Book of Matthew: The face of independence?

Published: February 12, 2010
Section: Opinions

Senator Scott Brown spent the majority of his campaign driving around in a pickup truck and promising frustrated Massachusetts voters he would be an independent-minded senator if they sent him to Washington.

That promise didn’t even last a week after his swearing-in ceremony.

Joining 30 Republicans and two Democrats on Tuesday, Brown voted to continue debate on President Obama’s appointment of Craig Becker to the National Labor Relations Board. The final vote tally was 52 in favor and 33 opposed—enough for a majority, but not enough to break the Republican threat of a filibuster. Without 60 votes to end debate, there will be no final vote on Becker, whose nomination now appears to be blocked ad infinitum.

This is unfortunate. Becker is a Yale graduate and a former law professor who now works as a lawyer for the Service Employees International Union (SEIU). He is perfectly qualified to serve on the government agency charged with moderating labor practices. But to those lawmakers for whom the phrase “labor union” invokes images of corrupt union bosses and overpaid, unproductive workers, this qualification is unacceptable.

Never mind that Democratic presidents tend to appoint labor-friendly candidates to these sorts of positions. And never mind that the Senate traditionally accepts presidential nominees unless serious questions about their qualifications arise. Republicans decided to break with tradition and stall Becker the same way they attempted to stall just about everything else the Democrats proposed this past year. And Senator Brown went right along with them.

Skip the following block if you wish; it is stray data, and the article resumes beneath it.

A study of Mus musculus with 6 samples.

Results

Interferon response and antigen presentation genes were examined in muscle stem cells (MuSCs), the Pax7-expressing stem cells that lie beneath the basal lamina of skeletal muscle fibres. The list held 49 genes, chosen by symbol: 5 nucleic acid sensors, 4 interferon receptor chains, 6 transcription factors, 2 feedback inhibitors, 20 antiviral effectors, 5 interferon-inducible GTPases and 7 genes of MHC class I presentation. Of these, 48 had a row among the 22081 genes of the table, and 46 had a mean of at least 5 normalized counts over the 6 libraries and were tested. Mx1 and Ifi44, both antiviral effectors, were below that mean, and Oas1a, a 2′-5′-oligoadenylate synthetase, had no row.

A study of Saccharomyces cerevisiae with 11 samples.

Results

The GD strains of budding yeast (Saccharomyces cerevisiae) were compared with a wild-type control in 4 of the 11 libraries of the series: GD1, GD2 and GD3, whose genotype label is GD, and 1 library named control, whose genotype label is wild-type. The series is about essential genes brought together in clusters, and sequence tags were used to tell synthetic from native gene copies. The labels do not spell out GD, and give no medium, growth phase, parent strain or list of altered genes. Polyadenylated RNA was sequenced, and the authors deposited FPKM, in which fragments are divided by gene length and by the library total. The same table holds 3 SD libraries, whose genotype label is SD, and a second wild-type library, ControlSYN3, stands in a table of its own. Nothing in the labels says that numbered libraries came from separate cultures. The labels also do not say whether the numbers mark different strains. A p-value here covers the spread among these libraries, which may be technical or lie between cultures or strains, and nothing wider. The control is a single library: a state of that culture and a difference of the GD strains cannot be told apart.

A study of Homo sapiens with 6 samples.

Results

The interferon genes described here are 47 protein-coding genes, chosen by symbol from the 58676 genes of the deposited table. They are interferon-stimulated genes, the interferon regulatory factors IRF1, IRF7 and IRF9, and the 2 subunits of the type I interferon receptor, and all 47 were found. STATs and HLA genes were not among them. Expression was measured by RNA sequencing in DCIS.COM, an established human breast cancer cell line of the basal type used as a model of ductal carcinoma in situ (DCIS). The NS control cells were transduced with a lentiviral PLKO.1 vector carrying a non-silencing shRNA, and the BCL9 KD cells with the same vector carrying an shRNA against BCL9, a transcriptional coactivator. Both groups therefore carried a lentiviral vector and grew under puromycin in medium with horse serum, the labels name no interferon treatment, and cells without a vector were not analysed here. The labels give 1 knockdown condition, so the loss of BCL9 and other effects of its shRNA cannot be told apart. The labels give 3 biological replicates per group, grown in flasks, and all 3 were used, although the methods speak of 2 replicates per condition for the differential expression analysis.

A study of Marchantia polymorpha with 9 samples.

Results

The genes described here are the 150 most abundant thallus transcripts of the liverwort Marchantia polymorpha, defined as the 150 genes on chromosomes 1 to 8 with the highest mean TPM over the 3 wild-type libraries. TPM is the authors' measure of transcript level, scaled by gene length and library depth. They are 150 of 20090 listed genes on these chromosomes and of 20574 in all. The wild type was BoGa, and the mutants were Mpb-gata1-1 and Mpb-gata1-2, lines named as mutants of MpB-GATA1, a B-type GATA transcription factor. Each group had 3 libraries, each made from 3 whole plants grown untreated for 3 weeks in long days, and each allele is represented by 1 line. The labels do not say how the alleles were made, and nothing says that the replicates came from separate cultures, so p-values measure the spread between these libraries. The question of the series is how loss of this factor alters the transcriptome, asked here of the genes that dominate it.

In all fairness, Brown does not deserve all of the blame. The Senate fell eight votes short of cloture, and his would not have been enough to change that. But I’m still particularly disappointed in him. I expect most Republicans to be stubborn ideologues opposing everything the president puts in front of them. Brown was supposed to be different, though. I never liked the man–I certainly didn’t vote for him–and I’m still slightly embarrassed to hail from a small town in Massachusetts where voters strongly supported him (good call, Clinton). Yet, when Brown was elected even I wondered if his campaign rhetoric reflected a glimmer of reality. Perhaps years of working in the heavily Democratic Massachusetts State House had taught him how to get along with Democrats.

New England Republicans are supposed to be moderate, says conventional wisdom.

Well, this is what we get for trusting conventional wisdom.

Becker’s candidacy was not controversial. As far as we know, he lacks any sort of unethical past that would disqualify him from the job. He is simply a union lawyer who believes in making it easier for unions to organize. That’s nothing new. And though Brown may not necessarily agree with Becker’s politics—he was quoted in The Boston Globe as saying that Becker’s views on labor, “if ever put into practice, would impose new burdens on employers, hurt job creation, and slow down the recovery”—Brown could have at least acknowledged that Becker was a legitimate candidate who deserved to face an up-or-down vote.

That alone could have been enough of a goodwill gesture toward Democrats to cement Brown’s fledgling reputation as an independent lawmaker.

Instead, he signed up to become the newest card-carrying member of the Party of No.

Perhaps it’s unfair to judge senators the second they cast their first vote. But after months of wearing the independent suit on the campaign trail, Brown deserves some judgment. Plus, this vote appears rather symbolic of his legislative future. If he cannot allow the Senate to commence a final vote on the small issue of a minor presidential appointment, how can he be expected to find common ground with Democrats on major legislation, like the upcoming jobs bill or health care reform?

A consummate politician, Brown will find a hundred and one ways to call himself an independent, but when voting day arrives he will think of just as many reasons to fall in line with his own party.

That’s the main lesson to take away from this: Self-described independents usually aren’t so. And if you still don’t believe that, then boy, do I have a shiny truck to sell you.